In the opening of his new show Jeremy Clarkson stands in an empty field. Beside him is a comically huge tractor he's bought but can't operate and surrounding him is hundreds of acres of farm land he has nine days to cultivate.
"The most important job of all is planting wheat and barley in all these big fields," he gestures. "How do you do that? No idea. Honestly. I have absolutely no clue."
Which is a problem for the former motoring presenter because that's exactly the job he's taken on in new series Clarkson's Farm, which is streaming on Amazon Prime Video.
That he doesn't know what he's doing won't be surprising to anyone who ever watched Top Gear, the incredibly popular motoring series he hosted for 13 years. Each week he tackled the show's car-based challenges with a combination of boorish bravado and foolhardy schemes. But despite his big talk and grandiose plans he routinely proved he had all the real world usefulness of a triangular wheel.
But what he did have was an overwhelming, yet misguided, belief in his own competence.
"When the previous farmer said 'I'm jacking it in,' I just thought, 'I shall farm it myself!'," he booms. "Everybody said, 'you're stupid. that's the stupidest thing ever. You'll never be able to do it.' "
The premise of the show is basically Clarkson attempting to prove everyone wrong.
Despite owning his sprawling 1000 acre farm in the UK's picturesque Cotswolds for 13 years he doesn't know anything about running it because "a chap from the village" did it for him.
It's hard to believe he didn't realise how difficult farming actually is before taking it on. But it's also easy to believe that he believed he'd be a farming natural and that he, Clarkson, could do it.
He may be "pushing 60, smoked three-quarter of a million cigarettes and had pneumonia", but none of that stops him from diving straight into the farming deep end where he promptly finds himself sinking.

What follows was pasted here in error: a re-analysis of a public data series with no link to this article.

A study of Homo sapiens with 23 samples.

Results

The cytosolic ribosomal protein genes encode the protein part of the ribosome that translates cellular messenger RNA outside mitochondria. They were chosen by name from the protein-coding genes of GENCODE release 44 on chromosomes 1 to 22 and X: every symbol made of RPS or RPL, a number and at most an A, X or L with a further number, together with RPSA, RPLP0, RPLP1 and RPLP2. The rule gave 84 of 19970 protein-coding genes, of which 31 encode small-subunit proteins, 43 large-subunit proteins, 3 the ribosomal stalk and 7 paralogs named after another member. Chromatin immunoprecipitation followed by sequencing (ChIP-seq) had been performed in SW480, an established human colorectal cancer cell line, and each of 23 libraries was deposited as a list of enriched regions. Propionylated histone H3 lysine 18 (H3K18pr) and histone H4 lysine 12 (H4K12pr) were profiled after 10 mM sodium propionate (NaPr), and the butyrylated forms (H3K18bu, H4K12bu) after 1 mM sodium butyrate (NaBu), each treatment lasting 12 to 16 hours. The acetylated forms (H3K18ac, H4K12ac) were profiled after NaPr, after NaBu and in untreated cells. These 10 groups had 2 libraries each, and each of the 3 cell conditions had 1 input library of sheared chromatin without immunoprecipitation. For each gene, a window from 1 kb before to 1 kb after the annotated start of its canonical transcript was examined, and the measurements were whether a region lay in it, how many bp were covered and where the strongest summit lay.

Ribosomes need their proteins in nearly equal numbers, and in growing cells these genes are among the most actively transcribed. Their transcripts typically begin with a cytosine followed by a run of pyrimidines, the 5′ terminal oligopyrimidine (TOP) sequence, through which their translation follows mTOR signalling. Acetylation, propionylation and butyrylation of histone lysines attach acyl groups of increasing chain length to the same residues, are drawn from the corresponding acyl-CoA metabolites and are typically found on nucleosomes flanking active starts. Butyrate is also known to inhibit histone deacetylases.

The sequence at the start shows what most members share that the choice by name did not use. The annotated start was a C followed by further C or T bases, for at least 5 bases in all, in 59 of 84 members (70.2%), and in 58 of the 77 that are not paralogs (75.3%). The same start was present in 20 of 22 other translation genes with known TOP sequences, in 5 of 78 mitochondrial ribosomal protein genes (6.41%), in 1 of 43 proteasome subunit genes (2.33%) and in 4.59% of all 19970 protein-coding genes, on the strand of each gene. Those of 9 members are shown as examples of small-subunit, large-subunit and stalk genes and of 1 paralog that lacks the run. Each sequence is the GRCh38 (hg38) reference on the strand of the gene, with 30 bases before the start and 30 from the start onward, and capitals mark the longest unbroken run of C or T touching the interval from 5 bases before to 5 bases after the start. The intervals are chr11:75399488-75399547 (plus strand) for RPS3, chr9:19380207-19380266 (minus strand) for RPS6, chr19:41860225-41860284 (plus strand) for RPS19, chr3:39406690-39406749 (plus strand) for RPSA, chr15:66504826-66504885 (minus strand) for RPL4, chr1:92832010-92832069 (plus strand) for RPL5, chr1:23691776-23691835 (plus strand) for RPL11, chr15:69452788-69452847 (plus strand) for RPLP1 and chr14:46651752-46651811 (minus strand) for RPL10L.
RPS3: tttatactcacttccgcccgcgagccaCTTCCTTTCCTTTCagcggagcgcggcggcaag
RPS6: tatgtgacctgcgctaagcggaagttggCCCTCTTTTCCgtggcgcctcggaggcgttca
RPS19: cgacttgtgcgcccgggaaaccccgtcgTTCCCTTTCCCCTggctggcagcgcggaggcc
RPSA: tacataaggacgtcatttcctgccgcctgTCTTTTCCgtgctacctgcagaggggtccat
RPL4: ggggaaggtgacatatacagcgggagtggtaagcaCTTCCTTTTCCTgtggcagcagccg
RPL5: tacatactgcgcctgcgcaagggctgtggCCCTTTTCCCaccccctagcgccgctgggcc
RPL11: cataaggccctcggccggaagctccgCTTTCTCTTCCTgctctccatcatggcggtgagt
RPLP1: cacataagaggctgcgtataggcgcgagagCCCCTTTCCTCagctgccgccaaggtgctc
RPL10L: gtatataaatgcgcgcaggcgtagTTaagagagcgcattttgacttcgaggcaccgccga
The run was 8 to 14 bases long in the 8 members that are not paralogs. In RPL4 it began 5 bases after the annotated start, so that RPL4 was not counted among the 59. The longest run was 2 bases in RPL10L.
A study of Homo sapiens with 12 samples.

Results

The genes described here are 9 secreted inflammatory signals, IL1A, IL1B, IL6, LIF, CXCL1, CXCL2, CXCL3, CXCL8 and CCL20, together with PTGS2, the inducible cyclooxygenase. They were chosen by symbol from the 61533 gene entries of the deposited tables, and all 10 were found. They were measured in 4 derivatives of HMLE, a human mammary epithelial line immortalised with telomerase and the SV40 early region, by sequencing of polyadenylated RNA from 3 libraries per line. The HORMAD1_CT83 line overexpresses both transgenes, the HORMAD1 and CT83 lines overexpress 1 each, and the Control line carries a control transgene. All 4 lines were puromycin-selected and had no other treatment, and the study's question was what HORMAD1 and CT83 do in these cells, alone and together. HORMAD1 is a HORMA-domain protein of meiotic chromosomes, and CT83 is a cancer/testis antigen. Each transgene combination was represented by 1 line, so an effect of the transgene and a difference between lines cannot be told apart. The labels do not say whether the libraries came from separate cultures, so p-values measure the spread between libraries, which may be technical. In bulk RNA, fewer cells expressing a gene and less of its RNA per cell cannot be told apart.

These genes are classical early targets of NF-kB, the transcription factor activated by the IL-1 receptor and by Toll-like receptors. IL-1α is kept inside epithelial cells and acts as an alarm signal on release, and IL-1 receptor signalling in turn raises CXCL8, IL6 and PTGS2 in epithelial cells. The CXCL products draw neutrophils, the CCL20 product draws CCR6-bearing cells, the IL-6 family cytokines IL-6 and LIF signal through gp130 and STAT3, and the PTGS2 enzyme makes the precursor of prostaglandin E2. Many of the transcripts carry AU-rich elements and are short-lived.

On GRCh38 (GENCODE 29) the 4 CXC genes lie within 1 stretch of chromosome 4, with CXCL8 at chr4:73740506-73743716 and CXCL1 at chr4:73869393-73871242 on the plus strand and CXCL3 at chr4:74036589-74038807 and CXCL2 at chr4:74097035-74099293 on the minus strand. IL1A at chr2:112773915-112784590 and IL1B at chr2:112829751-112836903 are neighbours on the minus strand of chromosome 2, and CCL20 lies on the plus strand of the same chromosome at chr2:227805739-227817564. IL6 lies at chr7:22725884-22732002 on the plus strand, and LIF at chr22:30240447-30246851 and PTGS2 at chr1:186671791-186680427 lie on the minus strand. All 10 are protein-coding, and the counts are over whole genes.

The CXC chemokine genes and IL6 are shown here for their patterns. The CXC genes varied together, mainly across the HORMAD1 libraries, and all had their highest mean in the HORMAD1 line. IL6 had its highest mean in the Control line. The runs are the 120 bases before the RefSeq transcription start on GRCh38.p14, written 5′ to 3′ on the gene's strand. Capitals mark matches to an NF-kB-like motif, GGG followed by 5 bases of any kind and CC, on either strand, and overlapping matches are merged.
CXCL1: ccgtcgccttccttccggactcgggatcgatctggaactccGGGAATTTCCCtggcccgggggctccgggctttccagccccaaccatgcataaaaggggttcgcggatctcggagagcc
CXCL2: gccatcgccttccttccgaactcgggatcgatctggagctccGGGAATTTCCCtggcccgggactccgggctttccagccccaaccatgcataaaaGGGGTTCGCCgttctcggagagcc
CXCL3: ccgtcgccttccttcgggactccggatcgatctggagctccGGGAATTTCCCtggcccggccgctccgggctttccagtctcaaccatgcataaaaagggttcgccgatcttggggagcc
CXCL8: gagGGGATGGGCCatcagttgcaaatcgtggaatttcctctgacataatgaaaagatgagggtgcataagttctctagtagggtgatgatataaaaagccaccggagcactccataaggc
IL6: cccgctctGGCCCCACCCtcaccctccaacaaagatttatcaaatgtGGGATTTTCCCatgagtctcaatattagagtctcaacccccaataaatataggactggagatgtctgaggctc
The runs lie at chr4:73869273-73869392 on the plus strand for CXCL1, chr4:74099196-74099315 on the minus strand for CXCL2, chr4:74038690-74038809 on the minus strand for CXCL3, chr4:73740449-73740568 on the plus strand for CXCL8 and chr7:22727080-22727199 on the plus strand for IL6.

"Why don't farmers all have coronaries?" he groans from his barnyard office upon learning that the rain which has just started to fall won't stop for six more days. This drastically reduces the available time he has to plant - or in farming lingo "drill" - the seeds for his crops. Each day he's late costs him tonnes and tonnes of yield from each field which in turns costs him tens of thousands of pounds.
"The situation now, I'd call it desperate," he says, staring despondently at the ceiling, before praying for the rain to stop.
But the rain doesn't stop. Instead Britain is plagued with what Farmers Guardian magazine describes as "Biblical flooding". Turning to camera he accurately states that he couldn't have picked a worse year to start farming.
After the rain clears Clarkson wisely hires a 21-year-old local to help turn him into a farmer. However like Clarkson before him, Caleb Cooper also underestimates the challenge of the job.
"What drill have you got?" Cooper asks, as he formulates a plan to plant as many seeds in as many fields as possible in the short window they have available.
"A red one," Clarkson answers, causing Cooper to splutter back, "a red one?"
"Actually, it's orangey," Clarkson clarifies. "A reddish-orange."
It turns out the drill is bright yellow. But it's a good example of how out of his depth Clarkson is.
"'You're screwed," Cooper later wails, while surveying the fruits of Clarkson's day of labour drilling the field with his tractor.
"You haven't even drilled it straight. That's as straight as a roundabout!"
On Top Gear when Clarkson screwed up, which his "time-saving" and "improved" methods often did, it only cost him bragging rights for a week. Botching a job on his farm however has real consequences and a terrible flow-on effect that negatively impacts every part of his new existence. It's a realisation that slowly dawns as the first episode progresses.
It makes for compelling viewing. Especially as Clarkson appears to have brought his Top Gear production team with him. The show is filled with spectacularly shot, gorgeous landscapes of the farm.
If you weren't seeing how much hard yakka farming involved you could almost be tempted to swap the open-plan office for the open landscape of farmlife.
But even as he's embraced by bad luck and forever racking up own-goals, Clarkson doesn't give up.
Standing in the middle of the field he's haphazardly cultivated and done an absolutely awful job of drilling seeds he smiles. When he speaks you can hear big satisfaction and a small hint of triumph as he says, "I'm actually doing farming".
A show about farming should be boring. Clarkson's Farm isn't. Even if you don't care for Clarkson - and many don't - give it a shot. I suspect it will really grow on you.